Church sex screening

Adelaide, Australia - A NEW screening process for ministers and lay office holders in the Adelaide Diocese of the Anglican Church is among the most rigid in Australia.

The Safe Ministry Check, designed to weed out pedophiles in the church, is the first major initiative of new Anglican Archbishop Jeffrey Driver.

Finalised this week, the 10-page questionnaire is now in place for new ministers and lay office holders and is likely to also be extended to all church office holders. Archbishop Driver said yesterday the Adelaide diocese was among the first in Australia to implement the screening initiative, which was discussed at last year's general synod.

"I think if you compare it with the sorts of background checks in other organisations, it is pretty rigorous," he said.

"Nothing is foolproof. It is just part of ensuring that our screening processes are as thorough as we can possibly make them."

The key section of the document involves 27 questions, including asking if the applicant has ever been charged or convicted of a criminal offence, sexual misconduct or sexual harassment.

Another asks the applicant if they have ever done anything in the "past or present that may result in allegations being made against you of child abuse?"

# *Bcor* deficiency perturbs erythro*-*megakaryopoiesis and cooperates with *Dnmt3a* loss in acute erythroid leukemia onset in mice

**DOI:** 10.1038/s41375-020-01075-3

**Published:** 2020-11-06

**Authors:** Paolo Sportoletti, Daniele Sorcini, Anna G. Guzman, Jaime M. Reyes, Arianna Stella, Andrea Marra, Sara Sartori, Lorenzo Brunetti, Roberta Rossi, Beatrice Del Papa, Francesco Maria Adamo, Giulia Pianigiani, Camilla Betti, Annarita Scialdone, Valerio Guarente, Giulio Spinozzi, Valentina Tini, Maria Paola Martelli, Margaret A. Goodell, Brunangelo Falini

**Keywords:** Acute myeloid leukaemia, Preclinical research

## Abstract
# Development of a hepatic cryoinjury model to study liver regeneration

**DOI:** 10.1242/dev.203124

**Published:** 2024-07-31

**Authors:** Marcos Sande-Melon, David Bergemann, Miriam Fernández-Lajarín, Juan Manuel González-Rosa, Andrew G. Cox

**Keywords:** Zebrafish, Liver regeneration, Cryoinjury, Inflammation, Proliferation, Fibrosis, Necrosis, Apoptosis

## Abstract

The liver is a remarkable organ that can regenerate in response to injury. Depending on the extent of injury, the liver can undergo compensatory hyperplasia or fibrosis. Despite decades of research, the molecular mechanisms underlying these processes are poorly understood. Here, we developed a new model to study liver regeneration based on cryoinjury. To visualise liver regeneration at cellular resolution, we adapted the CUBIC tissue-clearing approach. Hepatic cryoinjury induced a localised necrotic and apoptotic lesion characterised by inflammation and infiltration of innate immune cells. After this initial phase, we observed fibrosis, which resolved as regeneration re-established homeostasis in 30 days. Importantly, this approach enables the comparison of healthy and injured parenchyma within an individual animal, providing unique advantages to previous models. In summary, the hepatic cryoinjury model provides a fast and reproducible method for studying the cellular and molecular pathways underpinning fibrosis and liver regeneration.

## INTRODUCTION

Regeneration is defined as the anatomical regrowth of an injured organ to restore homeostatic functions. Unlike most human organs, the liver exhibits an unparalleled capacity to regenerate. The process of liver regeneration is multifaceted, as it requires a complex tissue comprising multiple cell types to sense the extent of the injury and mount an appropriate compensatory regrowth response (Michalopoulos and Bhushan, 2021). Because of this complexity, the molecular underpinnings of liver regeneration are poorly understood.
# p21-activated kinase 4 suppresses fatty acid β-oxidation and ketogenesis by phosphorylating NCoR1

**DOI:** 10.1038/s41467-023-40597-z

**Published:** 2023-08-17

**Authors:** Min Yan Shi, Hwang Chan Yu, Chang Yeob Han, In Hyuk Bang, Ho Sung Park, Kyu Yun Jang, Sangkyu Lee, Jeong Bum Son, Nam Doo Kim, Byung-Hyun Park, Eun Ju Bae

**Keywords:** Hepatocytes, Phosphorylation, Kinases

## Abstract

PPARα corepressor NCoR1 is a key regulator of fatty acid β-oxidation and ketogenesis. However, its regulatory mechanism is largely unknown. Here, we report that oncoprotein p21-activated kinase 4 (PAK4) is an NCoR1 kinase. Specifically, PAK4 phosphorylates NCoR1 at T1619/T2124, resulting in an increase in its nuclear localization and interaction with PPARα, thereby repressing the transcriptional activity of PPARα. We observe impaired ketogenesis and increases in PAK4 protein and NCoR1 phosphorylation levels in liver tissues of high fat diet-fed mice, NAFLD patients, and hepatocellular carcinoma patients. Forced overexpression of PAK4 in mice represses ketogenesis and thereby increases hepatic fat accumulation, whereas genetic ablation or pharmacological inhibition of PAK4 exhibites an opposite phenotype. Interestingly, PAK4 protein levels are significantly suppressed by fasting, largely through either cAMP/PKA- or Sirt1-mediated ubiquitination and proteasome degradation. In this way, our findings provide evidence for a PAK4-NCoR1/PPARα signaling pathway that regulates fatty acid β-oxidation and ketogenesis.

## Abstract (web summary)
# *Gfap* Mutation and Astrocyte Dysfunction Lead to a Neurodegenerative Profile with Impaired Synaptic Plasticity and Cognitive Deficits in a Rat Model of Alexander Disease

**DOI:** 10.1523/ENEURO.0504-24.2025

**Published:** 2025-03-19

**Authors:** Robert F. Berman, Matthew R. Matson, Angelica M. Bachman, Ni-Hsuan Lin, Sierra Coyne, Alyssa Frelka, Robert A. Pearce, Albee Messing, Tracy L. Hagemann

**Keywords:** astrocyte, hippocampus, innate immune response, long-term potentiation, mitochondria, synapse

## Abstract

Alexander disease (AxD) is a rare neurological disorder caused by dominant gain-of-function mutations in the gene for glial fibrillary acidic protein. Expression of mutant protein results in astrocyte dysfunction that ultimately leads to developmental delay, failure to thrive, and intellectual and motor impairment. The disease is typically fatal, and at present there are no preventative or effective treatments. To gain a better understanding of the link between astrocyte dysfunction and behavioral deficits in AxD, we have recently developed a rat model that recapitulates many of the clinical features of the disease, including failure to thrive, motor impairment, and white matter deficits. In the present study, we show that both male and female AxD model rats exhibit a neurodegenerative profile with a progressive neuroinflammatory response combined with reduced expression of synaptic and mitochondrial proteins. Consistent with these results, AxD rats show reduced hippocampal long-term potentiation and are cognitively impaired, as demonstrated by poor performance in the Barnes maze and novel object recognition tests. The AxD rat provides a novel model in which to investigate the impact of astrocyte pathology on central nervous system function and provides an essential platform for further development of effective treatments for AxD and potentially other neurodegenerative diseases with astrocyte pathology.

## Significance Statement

Once completed the document is stored securely within the diocese. It is only used for screening or church disciplinary procedures, but it states if required by law to produce the material the church will comply.

The Safe Ministry Check has been introduced simultaneously with a new code of conduct for all clergy which formally sets out the professional standards the church expects the clergy to uphold.

Archbishop Driver said since revealing a fortnight ago he was introducing the measures feedback from within the diocese had been "generally good".

"People understand the need and the clergy for the most part, those who have spoken to me, have been supportive," he said.

He also revealed a series of formal education and awareness sessions for clergy would also start early next year to complement the code of conduct and the screening process.

"It is part of a whole package of changing the culture of the church, educating people, putting in better process and ensuring the processes are known," Archbishop Driver said.